Rape Narrative Over Due Process

, Spencer Irvine, 2 Comments


Potts’ main point was that students should be “entitled to an education in an environment that is not hostile to them.” Her rape as a college freshman has been recounted in The Chronicle of Higher Education, but she also shared it in the panel session. Her rapist was a powerful college professor who said that if she reported it, it would not matter. She also said that the hospital psychologist told her that she was pretty and attracted men, then prescribed her anti-depressant medicine.

It is time to “dispel the myths” about rape for both students and professors because too often, “graduate students and faculty encounter indifference when they report” it to others and their supervisors. Instead, people “spread gossip and hearsay.” Today, “rape narrative is reconstructed in a novel context” because of the perception that “women’s capacity to gossip [and] embellish [is] undermining women’s narrative in sexual violence.” Also, an unintended consequence of Department of Education policy is that “insisting that words alone can constitute harassment.”

The general public is uninformed, hinted Potts, as the typical reaction of “the public to decry the PC [politically correct] universities.” The public complains, “PC feminists whining about words,” which she takes issue with. She cited “Syllabus-Gate” on Fox News regarding political correctness in the classroom, where a male college professor and two female graduate instructors said that the words “tranny,” “male,” and “female” were banned from their classes. Potts claimed “all three were targeted for attack by Fox News.” She was livid when, in her department, “a couple of white, male colleagues felt” that they should support the embattled professor (but not the two female graduate instructors). The two female graduate instructors revised their syllabus after public outcry, yet Potts admitted she was leaning towards supporting the graduate instructors over the professor.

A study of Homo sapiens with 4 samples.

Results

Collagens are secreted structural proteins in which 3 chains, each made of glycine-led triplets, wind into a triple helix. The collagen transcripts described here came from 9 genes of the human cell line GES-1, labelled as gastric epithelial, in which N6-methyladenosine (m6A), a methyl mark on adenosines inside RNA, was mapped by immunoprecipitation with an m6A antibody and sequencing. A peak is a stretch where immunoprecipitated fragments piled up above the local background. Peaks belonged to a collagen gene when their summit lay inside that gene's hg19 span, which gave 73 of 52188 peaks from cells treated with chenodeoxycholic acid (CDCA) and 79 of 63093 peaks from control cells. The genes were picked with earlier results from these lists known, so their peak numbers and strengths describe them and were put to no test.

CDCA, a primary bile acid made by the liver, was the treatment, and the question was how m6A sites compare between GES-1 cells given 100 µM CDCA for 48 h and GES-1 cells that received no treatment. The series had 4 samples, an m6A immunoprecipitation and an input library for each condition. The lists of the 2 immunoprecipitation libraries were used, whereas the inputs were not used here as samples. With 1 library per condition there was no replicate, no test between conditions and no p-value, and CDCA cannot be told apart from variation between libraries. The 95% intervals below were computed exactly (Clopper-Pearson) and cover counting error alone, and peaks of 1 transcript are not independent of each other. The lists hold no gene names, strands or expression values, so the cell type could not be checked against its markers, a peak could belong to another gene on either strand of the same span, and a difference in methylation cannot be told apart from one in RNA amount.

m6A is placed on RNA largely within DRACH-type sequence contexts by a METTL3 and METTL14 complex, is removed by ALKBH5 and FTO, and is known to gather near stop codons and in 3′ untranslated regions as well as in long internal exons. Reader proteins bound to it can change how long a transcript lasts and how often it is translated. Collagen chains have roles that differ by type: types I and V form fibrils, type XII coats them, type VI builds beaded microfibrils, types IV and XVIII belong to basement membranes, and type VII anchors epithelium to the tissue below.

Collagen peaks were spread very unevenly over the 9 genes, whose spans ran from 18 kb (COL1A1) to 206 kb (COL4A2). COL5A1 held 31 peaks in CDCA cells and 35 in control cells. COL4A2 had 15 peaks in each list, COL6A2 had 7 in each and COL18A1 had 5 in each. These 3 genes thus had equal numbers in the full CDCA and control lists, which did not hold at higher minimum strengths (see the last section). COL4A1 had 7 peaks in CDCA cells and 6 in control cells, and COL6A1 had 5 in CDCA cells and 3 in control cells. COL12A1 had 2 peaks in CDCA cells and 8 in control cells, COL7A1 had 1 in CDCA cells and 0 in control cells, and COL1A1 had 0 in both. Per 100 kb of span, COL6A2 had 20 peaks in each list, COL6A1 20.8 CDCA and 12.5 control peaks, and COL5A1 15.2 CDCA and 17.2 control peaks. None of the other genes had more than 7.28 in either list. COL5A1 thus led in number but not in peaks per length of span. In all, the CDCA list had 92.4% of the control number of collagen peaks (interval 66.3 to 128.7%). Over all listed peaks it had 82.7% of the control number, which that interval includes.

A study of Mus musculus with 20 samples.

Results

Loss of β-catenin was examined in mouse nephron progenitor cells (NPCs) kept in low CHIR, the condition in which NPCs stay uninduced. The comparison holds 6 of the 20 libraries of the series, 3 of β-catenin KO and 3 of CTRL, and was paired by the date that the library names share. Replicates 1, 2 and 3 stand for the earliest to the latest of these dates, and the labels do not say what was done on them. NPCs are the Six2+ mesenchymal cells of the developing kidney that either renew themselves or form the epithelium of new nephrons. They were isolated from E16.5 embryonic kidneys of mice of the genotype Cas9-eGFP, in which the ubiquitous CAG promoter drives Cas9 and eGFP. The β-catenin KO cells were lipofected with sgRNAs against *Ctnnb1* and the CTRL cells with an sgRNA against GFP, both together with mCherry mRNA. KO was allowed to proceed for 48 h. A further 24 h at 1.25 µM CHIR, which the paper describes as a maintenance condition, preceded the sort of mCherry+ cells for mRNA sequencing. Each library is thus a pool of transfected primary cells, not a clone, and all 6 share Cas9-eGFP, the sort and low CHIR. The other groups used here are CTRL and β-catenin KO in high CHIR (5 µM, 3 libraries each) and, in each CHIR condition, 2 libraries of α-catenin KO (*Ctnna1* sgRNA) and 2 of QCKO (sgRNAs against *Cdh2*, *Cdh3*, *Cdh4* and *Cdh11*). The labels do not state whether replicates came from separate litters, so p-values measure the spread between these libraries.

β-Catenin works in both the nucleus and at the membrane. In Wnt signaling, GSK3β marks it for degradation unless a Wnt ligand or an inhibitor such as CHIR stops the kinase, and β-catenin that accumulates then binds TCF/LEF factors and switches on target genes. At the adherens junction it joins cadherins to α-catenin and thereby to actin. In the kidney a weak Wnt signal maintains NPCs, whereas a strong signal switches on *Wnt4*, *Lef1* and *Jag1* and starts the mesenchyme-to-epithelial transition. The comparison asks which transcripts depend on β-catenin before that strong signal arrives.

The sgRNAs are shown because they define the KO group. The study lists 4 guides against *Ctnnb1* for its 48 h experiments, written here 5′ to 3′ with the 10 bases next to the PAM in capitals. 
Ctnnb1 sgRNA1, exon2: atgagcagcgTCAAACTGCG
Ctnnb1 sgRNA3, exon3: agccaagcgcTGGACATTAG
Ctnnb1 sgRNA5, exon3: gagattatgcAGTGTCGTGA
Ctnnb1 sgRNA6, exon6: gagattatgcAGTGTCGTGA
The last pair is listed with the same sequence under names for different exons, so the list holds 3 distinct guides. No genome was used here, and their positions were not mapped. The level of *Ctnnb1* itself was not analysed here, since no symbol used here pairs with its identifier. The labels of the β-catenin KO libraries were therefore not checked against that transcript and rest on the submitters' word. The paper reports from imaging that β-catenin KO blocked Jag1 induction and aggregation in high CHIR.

Potts cited the controversial documentary on rape and sexual assault on college campuses, “The Hunting Ground,” to support her point. She blasted criticism of the documentary, where “19 Harvard Law school professors, 15 of them male” came out against the documentary’s claims. Potts singled out conservative writer Jonah Goldberg’s take on the fraternity controversy from The Rolling Stone at the University of Virginia (UVa) and said his comments were not appropriate. Instead of pointing fingers, she suggested that Americans should look into the “systematic handling” of rape and college sexual assaults by universities.

After the debunking of Jackie, the key witness in The Rolling Stone gang rape story at UVa, Potts said, “[Victims] almost always have inconsistencies because they have trauma.” She acknowledged that between “two-to-eight percent are false, like any crime,” but that based on her knowledge, “[There are] plenty of precedents at UVa…nonetheless there are accounts of gang rape” regardless of how The Rolling Stone story ended.

Due process was not referred to once in her remarks.